MARIETTA - From the reaction so far, a new pool project has turned out, well, swimmingly.
After three months of construction, Ewing School has a new pool and renovated building where it has been since the original installation three decades ago.
The pool not only benefits the students that attend Ewing and their families, but also the multitude of outside groups who come to use the pool for private functions as well as open swim sessions.
Photo by Phil Foreman
Susan Tilton, superintendent of Washington County Board of Developmental Disabilities and Ewing School, looks over the new pool at the school. A $164,455 project included a new pool and renovations to the pool area, included non-slip flooring and a locker room.
Ewing School serves 95 preschool and school-age children at Ewing and 88 infants and toddlers younger than age 3 during in-home visits. In-home visits focus on teaching the parents about childhood development.
One of the community groups that uses the pool often is a class of folks with arthritis. They use the pool twice weekly for exercise sessions.
Bev Heddleson, 67, of Caldwell, is a member of that arthritis group. She said she likes the non-slip bottom and floor of the locker room and pool deck.
"You can move a lot better because of the water," Heddleson said. "It doesn't hurt the joints to move."
Heddleson said between the two sessions each week, the water gives her enough relief to last her all week.
The $164,455 project included painting of the inside shell of the pool area, installation of a new, non-slip floor product and a new pool liner and gutter system, said Susan Tilton, superintendent of the Washington County Board of Developmental Disabilities and Ewing School.
In fact, the annual Broughton Ice Cream Social raised $19,000 for the pool project in 2011.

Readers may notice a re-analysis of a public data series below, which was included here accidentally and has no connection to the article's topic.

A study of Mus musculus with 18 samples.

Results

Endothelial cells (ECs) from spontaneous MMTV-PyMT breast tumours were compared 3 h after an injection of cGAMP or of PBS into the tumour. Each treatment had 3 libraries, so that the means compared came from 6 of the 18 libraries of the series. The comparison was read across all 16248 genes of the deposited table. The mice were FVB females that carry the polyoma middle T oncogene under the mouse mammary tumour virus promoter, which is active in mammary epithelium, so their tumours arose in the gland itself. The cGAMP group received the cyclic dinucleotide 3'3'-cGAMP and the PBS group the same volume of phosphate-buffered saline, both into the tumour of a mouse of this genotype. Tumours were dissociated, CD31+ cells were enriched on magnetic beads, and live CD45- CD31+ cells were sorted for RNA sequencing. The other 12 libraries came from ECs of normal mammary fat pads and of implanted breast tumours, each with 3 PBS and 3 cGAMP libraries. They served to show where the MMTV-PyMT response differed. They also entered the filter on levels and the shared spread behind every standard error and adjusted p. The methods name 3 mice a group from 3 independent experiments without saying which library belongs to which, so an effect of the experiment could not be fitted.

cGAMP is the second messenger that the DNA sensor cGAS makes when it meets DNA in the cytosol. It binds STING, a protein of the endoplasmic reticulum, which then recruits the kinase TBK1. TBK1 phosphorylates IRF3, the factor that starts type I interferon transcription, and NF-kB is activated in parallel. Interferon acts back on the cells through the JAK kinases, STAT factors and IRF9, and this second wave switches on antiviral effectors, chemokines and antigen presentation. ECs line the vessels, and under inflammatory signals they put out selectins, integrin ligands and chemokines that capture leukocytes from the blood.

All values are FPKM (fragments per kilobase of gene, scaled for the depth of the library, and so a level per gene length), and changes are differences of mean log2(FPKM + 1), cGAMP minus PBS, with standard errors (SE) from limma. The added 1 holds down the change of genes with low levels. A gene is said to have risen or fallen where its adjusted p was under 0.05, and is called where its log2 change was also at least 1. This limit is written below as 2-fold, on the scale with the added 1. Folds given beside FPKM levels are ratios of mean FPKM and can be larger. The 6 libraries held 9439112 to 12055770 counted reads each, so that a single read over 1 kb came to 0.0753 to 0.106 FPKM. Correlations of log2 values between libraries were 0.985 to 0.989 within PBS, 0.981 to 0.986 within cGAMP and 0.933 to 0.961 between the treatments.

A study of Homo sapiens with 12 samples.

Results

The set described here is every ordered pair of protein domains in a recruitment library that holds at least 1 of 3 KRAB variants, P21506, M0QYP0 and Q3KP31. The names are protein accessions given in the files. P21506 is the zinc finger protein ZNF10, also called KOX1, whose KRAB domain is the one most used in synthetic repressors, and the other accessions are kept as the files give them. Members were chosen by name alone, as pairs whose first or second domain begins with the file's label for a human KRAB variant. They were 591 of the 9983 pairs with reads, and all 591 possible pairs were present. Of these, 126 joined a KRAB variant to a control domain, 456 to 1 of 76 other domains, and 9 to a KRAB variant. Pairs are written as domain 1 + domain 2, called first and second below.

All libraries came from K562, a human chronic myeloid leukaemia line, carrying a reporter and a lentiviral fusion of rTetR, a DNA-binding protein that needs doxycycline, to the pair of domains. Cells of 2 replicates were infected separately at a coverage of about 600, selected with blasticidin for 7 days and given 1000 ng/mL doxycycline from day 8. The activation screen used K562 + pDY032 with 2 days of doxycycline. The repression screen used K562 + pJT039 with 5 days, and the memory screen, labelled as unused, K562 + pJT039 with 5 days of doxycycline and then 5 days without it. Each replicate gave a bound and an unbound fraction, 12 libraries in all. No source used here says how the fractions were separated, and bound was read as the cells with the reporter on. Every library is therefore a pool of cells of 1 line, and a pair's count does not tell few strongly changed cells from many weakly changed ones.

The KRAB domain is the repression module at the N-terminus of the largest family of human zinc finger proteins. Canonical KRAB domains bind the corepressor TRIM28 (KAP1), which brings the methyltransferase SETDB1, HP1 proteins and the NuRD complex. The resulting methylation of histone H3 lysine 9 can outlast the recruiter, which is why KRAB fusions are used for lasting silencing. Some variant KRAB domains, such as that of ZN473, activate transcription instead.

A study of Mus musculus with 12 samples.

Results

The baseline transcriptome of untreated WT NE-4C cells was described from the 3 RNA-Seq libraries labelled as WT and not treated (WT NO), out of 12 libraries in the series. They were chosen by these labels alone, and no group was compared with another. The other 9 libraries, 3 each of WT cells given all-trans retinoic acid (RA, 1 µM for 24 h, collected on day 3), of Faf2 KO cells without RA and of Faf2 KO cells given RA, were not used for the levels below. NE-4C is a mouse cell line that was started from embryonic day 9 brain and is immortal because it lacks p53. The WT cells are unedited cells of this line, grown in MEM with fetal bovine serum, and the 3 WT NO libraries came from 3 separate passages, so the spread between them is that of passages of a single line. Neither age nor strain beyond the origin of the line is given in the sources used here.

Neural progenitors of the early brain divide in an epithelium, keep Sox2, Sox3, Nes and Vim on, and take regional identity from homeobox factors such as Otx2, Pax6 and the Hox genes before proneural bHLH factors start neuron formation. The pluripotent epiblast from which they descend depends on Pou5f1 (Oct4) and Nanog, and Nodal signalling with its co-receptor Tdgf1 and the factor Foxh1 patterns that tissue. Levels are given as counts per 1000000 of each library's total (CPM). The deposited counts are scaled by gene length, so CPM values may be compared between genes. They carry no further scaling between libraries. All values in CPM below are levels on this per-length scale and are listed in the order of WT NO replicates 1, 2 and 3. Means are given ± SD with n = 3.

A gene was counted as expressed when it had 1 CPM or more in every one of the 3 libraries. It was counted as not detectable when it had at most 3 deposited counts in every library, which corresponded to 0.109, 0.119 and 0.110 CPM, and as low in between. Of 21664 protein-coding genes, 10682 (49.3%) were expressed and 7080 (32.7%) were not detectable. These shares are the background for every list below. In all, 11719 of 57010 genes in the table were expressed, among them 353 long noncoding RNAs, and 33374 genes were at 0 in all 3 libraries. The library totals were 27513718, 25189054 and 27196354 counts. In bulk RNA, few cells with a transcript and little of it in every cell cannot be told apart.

Tilton said the original liner was found to have hundreds of pinholes from the bed of pebbles and dirt under the liner. From all the holes, the pool was losing several inches of water - a significant amount. That sparked the debate about whether to weld a new floor in or replace the liner. Based on the cost and ease of maintenance, the board decided to go with the liner.
"Once you dig into something of that magnitude, you don't know what you'll find," Tilton said.
David Haught, of DLH Design, of Marietta, designed the new pool and pool area for Ewing School.
Haught said the biggest challenge for the project was the timing of all the construction to avoid interference with the operation of the school as well a coordinating the contractors for each phase of the construction, such as painting, pool liner and gutter system.
"The project was cut and dry," Haught said. "The nature of the project was the most economic and cost efficient way to remedy the problems, and to be the least detrimental to the schedule and use of the building."
Ewing's aquatics specialist, Nicole Hill, 34, of Marietta, has been with the school for 3 1/2 years.
"The zero entry is great for everyone," Hill said of the ramp. "You don't have to use the two ladders or climb over the side of the pool."
Donna and Howard Wagner, 74 and 77, respectively, of Lowell, love the new pool area and they also attend the arthritis class. Donna said her husband has rheumatoid arthritis and the pools sessions give him temporary relief.
"It's soothing," Donna said. "It helps me sleep better at night. It sort of relaxes you."
The maintenance staff at Ewing still is tweaking the pool pump and awaiting some parts to be shipped. Once that is finished, the pool should be crystal clear in time for students to come back on Aug. 26.
"So, we're hoping for another 30 years," Tilton said.